Suzanne Simmons-Lewis talks to Francesca Okosi about taking on Brent LBC's troublesome equalities record and becoming SOCPO's first black president
Francesca Okosi has finally found her niche - for a while at least. At 35 years old, the director of human resources at Brent LBC is at the helm of her third personnel department in local government.
'I am the happiest I have been, and I'm really enjoying it,' she smiles. 'I've finally got to that point where I know this is the job for me - even with its ups and downs.'
But it has been no mean feat for Ms Okosi, who came to Brent when the authority was in the in the early stages of undergoing not only a major face lift, but a raft of internal surgery.
After years of bad publicity, a fragmented human resources department and a high level of race discrimination tribunals, Ms Okosi was charged with a massive departmental overhaul. Her key task was to achieve strategic direction and improve the council's equalities record. The brief is part of the council's ambitious five-year plan and Ms Okosi believes Brent has now turned that crucial corner.
Some would shy away from such a huge undertaking, but Ms Okosi says it's the kind of thing that spurs her on.
'I enjoy the challenge, I like jobs where I am required to manage change,' she says.
Throughout her 13 years in local government, she has been at the centre of a succession of challenging and sometimes turbulent times.
The business studies graduate stumbled into local government personnel while saving up to fund a masters degree in marketing. Her first job was a temporary personnel assistant post in Newham LBC in 1987, but she was quickly promoted to senior personnel assistant.
Over the next few years she took senior personnel posts in Riversdale Health Authority and Hackney LBC. From there she became the head of Havering LBC's personnel department before moving on to Merton LBC in 1997 to a similar job. She joined Brent in 1999.
'One of the most challenging times when there was a major strike in the summer of 1989 at Newham, which involved a member of my team who was also the NALGO branch convenor,' she recalls. 'It was a real challenge crossing the picket line and managing the department when half of my staff were out on strike.'
But Ms Okosi believes these kinds of challenges are part and parcel of a rewarding and varied career, from which she has gained a vast amount of experience.
Her contribution to human resources does not stop in London. She is a contributor to LGC and a national platform now beckons, thanks to her talents being recognised by her peers who earlier this year voted her vice-president of the Society of Chief Personnel Officers. Next March, Ms Okosi will be the first black president of the society.
'It's a very interesting move in my career and its exciting because it gives me an opportunity to get involved at a national level representing SOCPO in the midst of many changes in human resources,' she says.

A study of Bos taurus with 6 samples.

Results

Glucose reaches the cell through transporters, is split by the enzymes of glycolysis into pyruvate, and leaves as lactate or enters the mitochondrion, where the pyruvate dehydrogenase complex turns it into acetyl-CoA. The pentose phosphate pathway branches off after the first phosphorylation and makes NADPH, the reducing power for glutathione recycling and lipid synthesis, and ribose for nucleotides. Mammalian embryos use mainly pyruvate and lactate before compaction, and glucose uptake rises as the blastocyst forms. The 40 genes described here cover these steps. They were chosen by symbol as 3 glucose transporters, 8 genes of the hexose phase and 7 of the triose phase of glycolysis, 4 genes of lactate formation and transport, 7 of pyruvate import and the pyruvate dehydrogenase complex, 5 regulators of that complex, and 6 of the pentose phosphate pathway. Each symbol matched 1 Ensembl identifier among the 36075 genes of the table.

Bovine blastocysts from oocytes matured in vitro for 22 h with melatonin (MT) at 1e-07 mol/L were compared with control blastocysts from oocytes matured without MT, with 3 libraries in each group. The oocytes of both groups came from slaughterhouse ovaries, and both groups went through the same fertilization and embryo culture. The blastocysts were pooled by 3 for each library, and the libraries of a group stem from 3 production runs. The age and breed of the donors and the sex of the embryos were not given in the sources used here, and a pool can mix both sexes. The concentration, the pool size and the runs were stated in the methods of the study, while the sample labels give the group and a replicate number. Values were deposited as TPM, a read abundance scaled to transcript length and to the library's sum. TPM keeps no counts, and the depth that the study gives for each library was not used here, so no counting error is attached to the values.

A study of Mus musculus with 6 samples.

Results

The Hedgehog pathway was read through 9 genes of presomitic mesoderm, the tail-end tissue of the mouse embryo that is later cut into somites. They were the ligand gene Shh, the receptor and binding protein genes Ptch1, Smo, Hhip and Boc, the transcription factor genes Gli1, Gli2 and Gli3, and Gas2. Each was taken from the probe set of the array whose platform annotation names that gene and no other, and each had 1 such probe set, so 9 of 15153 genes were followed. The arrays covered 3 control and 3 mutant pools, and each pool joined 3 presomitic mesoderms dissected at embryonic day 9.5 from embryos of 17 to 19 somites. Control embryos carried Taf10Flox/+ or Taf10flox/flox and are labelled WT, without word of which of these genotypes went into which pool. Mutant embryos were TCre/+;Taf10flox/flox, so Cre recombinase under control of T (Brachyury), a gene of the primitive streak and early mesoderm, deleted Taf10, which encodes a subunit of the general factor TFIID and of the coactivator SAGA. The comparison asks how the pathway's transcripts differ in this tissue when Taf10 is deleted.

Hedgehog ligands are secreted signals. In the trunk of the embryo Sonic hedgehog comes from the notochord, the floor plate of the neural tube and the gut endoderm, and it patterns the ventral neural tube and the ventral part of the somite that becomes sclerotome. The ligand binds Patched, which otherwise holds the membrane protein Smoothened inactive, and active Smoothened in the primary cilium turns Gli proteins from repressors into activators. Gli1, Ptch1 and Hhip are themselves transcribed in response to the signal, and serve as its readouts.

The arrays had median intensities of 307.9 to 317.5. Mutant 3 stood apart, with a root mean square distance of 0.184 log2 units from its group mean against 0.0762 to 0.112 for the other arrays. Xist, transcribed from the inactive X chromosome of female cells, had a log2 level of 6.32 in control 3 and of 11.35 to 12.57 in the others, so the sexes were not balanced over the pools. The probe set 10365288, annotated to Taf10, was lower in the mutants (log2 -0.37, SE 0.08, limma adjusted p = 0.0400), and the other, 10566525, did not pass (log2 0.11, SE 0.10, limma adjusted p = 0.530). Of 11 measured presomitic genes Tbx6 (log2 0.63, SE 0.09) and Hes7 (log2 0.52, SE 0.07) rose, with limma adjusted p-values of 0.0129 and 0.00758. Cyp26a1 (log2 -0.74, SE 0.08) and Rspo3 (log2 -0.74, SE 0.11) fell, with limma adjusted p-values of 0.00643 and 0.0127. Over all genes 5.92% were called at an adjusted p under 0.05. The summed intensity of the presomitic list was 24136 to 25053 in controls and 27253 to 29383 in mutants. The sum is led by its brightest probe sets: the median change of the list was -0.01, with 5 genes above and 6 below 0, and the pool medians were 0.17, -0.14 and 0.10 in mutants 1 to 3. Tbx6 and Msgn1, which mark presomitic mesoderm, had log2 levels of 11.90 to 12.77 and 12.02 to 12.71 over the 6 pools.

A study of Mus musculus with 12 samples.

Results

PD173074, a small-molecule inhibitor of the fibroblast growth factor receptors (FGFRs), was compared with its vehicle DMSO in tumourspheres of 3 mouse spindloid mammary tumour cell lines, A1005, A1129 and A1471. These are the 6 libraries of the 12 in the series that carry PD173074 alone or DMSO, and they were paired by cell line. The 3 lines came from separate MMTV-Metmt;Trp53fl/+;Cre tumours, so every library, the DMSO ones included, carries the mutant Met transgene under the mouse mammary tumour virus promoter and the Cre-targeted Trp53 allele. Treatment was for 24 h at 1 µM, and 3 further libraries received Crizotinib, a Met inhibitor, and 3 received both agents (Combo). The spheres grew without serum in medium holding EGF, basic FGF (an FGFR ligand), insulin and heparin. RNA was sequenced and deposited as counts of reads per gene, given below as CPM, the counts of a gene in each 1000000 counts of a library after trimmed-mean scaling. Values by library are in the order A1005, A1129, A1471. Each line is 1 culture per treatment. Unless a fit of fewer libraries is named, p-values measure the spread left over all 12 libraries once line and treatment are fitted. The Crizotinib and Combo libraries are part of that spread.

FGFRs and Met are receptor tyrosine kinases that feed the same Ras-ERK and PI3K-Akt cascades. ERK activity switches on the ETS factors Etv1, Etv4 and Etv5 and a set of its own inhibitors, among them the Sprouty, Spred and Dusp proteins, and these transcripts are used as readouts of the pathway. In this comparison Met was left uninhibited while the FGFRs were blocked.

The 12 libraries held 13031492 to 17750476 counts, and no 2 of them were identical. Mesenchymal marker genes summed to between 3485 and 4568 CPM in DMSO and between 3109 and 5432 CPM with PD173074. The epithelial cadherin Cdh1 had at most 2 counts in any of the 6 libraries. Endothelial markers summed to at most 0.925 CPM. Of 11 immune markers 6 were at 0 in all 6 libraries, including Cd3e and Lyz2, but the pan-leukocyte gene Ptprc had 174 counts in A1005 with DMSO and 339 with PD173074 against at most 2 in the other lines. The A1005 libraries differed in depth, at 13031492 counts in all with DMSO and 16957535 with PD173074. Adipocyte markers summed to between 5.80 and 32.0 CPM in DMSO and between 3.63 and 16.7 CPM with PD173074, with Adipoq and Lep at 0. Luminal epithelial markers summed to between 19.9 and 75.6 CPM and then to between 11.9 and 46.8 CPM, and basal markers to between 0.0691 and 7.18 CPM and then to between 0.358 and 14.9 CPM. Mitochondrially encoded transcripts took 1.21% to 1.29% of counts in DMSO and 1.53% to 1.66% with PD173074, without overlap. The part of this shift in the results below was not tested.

Ms Okosi certainly hasher work cut out. She takes the position at a time when human resources in local government are generally being devalued.
In the government's drive to improve public services, money is being concentrated on front-line provision, so personnel is an easy target for cuts. The continued outsourcing of local government services means fewer council staff are managed by personnel departments.
Yet Ms Okosi is determined to be at the forefront of these changes. Her role as president is instrumental in promoting the merits of human resources nationally, she believes.
'Our key role is to develop competencies for personnel heads to deal with change,' she explains.
'Personnel will have to have a much more influencing and partnership role with other providers and there is potential for our members to have a key leadership role.'
As SOCPO president, Ms Okosi will continue the society's work in building partnerships with its health service equivalent - the Association of Healthcare Human Resource Managers. Issues of diversity and equality will also be high on her list. 'I make no apologies for that,' she says realising some may brand the move as 'typical' as she is a black women. But she explains: 'In terms of modernisation these elements are key.'
The high-flying director is not reserved about her ambition and is well aware she has achieved a great deal in a relatively short space of time. She puts this down to her upbringing where she was always encouraged by her parents to aim high and always do her best. She realises the fact she is young, female and black can sometimes be unsettling for others, but remains unfazed at the prospect.
'There were times when it has been difficult, but I realise now that if a person has a problem with my age, race or gender its their problem and not mine.' she says.
Under her direction, Brent has become the first council to have its anti-discrimination strategies approved by the Commission for Racial Equality and the council's record on equality has dramatically improved.
Once Ms Okosi fulfils her brief at Brent, the national arena awaits. 'Central government does interest me - it would be nice to see things from a national perspective,' she muses.